A Thaumaturgic Staff serves as the 'Badge of Office' for a wizard in Western Thaumaturgic culture. In many cases, they often act as canes or walking aids for their users; but they are not simple mundane pieces of wood or metal. A Staff serves as a Practioner's primary focus, constantly absorbing and concentrating Magical power so that the wielder will readily have access to it. It can also serve as a kind of lightning rod through which to channel a Burst Spell, allowing the Thaumaturge in question to draw considerably more power from the surrounding area in a shorter length of time. The Staff can furthermore be used as a kind of concentrating lens for casting Magical spells so that the wielder can more easily produce Spells, with a much-reduced risk of said Spell malfunctioning. Some Thaumaturges, as a mark of their prowess, carry a simple mundane object resembling a staff, prefering to draw and cast Magic entirely by their own merits. Others, such as Anneliese, reject the use of a Staff because they do not wish to be associated with the established Thaumaturgic community. According to classical lore, a Thaumaturge's staff must be a reflection of his or her self for it to be used properly; either an object that somehow represents the individual practitioner carrying it or something with which they have a particularly close tie. For example, when Anneliese damages her leg, she is given a Victorian-era walking cane by Cassie which she turns into a Staff. Her closeness to Cassie, and the love between them which the object represents, serves as a link that fits with the classical proscriptions of Thaumaturgic lore.
The object which serves as a Practioner's Staff, even if it is not actually a cane or stick, is always referred to as his/her Staff. Some modern Thaumaturges, for the sake of anonymity, use mundane objects like hockey sticks or baseball bats rather than a distinctive, clasically-fashioned Staff. A proper Staff should be inscribed with charms and runes to properly form and channel energy, but said markings do not have to be visible to the naked eye. In older times, these sigils would be made as obvious as possible as a status symbol; in the modern day, however, this is often not advisable, if for no other reason than it would attract a lot of attention. Many staves have their inscriptions worked in silver, which is naturally attuned to Magical energy and can be fashioned to either conduct or nullify Thaumaturgic power depending on what the smith in question has in mind (some very high quality silver runes can even do both at the discretion of the sorcerer / sorceresss wielding the Staff).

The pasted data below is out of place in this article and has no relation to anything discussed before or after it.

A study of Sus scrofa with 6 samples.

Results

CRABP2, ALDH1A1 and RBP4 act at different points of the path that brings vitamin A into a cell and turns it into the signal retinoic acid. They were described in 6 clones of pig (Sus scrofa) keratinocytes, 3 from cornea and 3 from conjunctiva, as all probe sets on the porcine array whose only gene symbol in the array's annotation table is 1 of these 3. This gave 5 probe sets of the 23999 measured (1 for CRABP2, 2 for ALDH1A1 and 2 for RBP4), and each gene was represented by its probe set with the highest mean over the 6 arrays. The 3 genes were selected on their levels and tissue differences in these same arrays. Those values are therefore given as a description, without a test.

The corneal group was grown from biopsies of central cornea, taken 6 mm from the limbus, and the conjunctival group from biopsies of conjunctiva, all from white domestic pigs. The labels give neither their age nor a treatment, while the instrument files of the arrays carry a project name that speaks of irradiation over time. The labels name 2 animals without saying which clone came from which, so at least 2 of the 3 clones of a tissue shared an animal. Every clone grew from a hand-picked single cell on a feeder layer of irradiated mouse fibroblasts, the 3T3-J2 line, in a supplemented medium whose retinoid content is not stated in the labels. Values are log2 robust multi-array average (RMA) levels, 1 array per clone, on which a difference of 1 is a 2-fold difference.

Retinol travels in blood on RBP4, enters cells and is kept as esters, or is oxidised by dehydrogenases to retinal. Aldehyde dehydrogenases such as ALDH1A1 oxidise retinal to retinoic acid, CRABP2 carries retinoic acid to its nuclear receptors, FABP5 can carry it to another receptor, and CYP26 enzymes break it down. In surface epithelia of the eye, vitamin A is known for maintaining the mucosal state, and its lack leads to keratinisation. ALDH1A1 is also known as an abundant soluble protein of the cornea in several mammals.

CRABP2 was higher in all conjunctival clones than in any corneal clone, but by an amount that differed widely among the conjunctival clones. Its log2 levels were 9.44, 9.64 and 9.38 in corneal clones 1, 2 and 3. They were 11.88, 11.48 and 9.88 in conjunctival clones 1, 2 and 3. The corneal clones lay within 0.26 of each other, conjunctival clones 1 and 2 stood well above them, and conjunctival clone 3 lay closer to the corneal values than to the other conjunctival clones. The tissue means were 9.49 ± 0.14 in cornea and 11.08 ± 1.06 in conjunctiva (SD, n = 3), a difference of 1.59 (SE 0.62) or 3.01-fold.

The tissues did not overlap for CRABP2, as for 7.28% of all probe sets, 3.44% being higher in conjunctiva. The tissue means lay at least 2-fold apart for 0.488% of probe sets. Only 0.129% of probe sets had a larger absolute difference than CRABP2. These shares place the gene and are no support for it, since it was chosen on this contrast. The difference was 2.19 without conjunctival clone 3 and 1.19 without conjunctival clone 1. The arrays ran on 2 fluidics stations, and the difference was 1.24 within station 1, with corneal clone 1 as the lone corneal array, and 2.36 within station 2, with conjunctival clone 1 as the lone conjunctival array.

It is not technically necessary to have a Staff that is in the general shape of a staff or stick; in theory, anything can be used for the purpose. However, such long and thin shapes are most ideal for channeling Magical energies through them (which must flow in the same manner as electricity). Thus it is very rare to find a Practioner whose Staff does not in some way resemble its namesake.
A Sceptre is a more specific derivative of the Staff. It is unknown when these were first fashioned, but Western Classical Thaumaturgic scripts - i.e. from the Greco-Roman period of history - make no mention of them, and they appear largely limited to Western culture. Sceptres are not nearly as common among the Thaumaturgical community as Staves, and are banned by many sects and organized practices of Magic. Sceptres can take a much more varied form than Staffs, but follow the same general rules of shape. They are inscribed with specific silver runes to make them purely offensive weapons; their sole purpose is to focus and channel Magical energies into destructive blasts, either raw or shaped. For example, Anneliese's Sceptre is an obsidian rod inscribed with bands of silver runes and inlaid with special, Thaumaturgically-attuned pearls. She normally uses it to fire blasts of pure Magical energy at her enemies, which can take a variety of forms and have a variety of effects - their manifestations and results depend entirely upon the thoughts running through the Practioner's head at the time of the projection, albiet within a limited scope. The other method of using a Sceptre is "shaped" projection: i.e. firing bolts of fire, lighting or plasma. Some Practioners prefer this method, as it allows them more control over the effects but requires more energy and concentration. A sceptre can be designed, through its runes, to optimize - or be entirely devoted to - one of the two methods.
Sceptres may be thought of as analogous to handguns in the Magical community. They are generally quite a bit smaller than a Staff and thus more easily concealed (although they do not have to be) - Anneliese's Sceptre being, for example, a baton about the length of her forearm which she hides in her coat, a 'sceptre' in the literal sense of the term. The advantage of a Sceptre is that it allows a Practitioner to produce a lethal blast of Magical power almost instantly with relatively little energy, as most of the energy for the attack will already be stored in the Sceptre and then quickly replenished. They are, however, as mentioned above, rather controversial items and are extremely limited in the scope of their utility. Attempts at creating Sceptres which are useful for a wider variety of castings have, historically, generally met with failure - with a few exceptions from extremely talented individuals. Another trick which has become much more common in the modern era, for the sake of anonymity and secrecy, is the creation of a Staff that resembles a Sceptre and can be easily hidden.